Easily the most common and recognisable chord transition in music is the 1-4-5 progression. You can hear its repetition in such songs as ‘Should I stay, or Should I go?‘ or ‘Mustang Sally‘ where, even if you aren’t in any way musically trained, you can just feel the sound that is coming up next, it becomes expected.
How does it work?
The 1-4-5 is translated as the 1st, the 4th and the 5th notes of a major scale (that is as long as it is a major 1-4-5, but lets not worry about that right now). So if we imagine if we take a ‘C’ chord and we call it 1, then ‘D’ would be 2, ‘E’ would be 3, ‘F’ would be 4 and ‘G would be ‘5’. Moving along, let’s take out the 1st, 4th and 5th, which are C, F and G. This is our 1-4-5 is C major.
C Major Scale = C D E F G A B C
Numerical Form = C is 1st, D is 2nd, E is 3rd, F is 4th, G is 5th, A is 6th, B is 7th, C is the octave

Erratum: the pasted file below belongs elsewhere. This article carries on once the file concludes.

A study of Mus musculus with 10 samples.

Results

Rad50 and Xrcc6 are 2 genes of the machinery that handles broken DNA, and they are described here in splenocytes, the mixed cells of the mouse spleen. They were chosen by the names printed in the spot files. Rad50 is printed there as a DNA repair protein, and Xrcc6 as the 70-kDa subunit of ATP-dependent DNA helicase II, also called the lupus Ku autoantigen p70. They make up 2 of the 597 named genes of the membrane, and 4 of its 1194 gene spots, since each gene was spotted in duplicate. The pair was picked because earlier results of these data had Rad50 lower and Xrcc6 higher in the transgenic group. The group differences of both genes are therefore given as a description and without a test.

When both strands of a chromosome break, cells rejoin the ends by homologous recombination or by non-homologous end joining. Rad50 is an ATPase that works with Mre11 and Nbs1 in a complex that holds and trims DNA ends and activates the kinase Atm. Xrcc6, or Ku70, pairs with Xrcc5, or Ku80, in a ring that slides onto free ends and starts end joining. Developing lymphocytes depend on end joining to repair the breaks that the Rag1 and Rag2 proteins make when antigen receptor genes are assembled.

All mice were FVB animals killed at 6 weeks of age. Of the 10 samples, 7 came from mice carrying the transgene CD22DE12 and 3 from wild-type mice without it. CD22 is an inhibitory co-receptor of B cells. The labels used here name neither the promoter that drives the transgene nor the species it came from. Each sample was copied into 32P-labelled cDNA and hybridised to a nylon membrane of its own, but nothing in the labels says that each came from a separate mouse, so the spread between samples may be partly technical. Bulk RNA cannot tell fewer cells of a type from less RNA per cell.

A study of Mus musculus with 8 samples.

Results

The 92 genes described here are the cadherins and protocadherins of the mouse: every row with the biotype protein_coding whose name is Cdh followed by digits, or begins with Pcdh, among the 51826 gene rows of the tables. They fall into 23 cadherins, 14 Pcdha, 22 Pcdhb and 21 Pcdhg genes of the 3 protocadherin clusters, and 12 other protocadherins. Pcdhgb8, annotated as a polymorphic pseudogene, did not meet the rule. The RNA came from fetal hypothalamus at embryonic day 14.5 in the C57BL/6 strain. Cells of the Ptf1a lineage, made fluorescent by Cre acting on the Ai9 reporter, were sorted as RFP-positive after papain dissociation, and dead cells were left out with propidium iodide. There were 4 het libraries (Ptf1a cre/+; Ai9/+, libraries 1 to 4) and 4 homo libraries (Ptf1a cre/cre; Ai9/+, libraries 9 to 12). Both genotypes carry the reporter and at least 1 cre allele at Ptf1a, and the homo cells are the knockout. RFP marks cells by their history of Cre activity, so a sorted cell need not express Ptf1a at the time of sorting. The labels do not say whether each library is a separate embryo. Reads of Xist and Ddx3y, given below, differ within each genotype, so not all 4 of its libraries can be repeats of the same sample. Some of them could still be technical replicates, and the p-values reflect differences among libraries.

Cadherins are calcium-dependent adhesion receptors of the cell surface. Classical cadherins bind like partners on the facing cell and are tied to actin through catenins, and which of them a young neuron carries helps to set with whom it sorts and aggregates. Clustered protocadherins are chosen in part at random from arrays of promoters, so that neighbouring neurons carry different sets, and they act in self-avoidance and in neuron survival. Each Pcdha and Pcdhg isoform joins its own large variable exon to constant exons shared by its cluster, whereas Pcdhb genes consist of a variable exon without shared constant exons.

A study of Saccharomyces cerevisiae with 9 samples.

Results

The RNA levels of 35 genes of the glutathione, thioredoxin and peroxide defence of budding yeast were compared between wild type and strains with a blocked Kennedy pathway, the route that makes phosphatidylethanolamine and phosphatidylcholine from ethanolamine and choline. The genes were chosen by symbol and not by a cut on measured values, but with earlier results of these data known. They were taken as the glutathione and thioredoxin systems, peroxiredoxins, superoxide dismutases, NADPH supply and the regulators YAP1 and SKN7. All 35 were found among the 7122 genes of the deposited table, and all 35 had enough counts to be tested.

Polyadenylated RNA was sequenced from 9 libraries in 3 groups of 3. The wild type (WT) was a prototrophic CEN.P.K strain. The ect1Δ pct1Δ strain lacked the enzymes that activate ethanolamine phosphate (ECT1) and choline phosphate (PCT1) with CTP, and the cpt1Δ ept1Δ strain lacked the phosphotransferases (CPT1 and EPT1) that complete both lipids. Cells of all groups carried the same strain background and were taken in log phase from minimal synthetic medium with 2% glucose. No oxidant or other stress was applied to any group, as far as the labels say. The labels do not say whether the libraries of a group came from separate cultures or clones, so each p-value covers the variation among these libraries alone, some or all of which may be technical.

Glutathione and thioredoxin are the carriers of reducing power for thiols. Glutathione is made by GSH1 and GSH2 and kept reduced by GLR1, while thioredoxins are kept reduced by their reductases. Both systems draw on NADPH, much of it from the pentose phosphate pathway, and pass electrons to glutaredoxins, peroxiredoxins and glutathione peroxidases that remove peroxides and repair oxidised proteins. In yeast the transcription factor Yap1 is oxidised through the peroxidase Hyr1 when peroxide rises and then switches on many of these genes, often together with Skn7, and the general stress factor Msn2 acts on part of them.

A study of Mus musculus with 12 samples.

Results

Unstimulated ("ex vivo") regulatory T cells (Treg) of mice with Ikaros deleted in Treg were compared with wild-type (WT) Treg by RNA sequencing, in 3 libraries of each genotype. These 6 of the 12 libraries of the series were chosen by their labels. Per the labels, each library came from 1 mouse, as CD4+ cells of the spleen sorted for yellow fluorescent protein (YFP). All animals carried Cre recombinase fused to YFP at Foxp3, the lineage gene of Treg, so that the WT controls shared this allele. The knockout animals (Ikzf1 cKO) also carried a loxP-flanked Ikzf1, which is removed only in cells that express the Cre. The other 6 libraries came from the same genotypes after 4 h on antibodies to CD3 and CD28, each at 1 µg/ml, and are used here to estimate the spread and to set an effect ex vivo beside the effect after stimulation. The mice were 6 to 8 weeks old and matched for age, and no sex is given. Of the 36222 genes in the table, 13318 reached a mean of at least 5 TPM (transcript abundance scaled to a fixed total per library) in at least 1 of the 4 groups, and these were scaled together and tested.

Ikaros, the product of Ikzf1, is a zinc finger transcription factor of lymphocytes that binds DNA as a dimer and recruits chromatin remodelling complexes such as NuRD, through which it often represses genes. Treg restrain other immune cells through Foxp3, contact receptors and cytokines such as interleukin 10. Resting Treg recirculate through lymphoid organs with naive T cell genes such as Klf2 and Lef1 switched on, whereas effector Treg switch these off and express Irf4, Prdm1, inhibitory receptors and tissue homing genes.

Take out 1,4,5 = C – F – G
1 4 5 = C -F – G
The 1-4-5 is heavily rooted in blues music, but with 7th chords instead of majors chords. So instead of C, F, G, you simply change the chords to C7, F7 and G7, as show below.
Making a song using 1, 4, 5 chords
The most common example of 1, 4, 5, progression is a 12 bar blues. This is where the 1, 4 and 5 rotate in a certain order to take up 12 bars of music. An example is shown below. (please note, although chords have been written out using guitar boxes, these chords can be played on any polyphonic instrument such as a piano, using the notes written underneath each chord box).
Here we see 16 year-old winner of the Dan Beattie Award, Conal Mooney, performing a 12 bar blues progression on a Gibson Les Paul Future through a Fender Stage 160 Amp.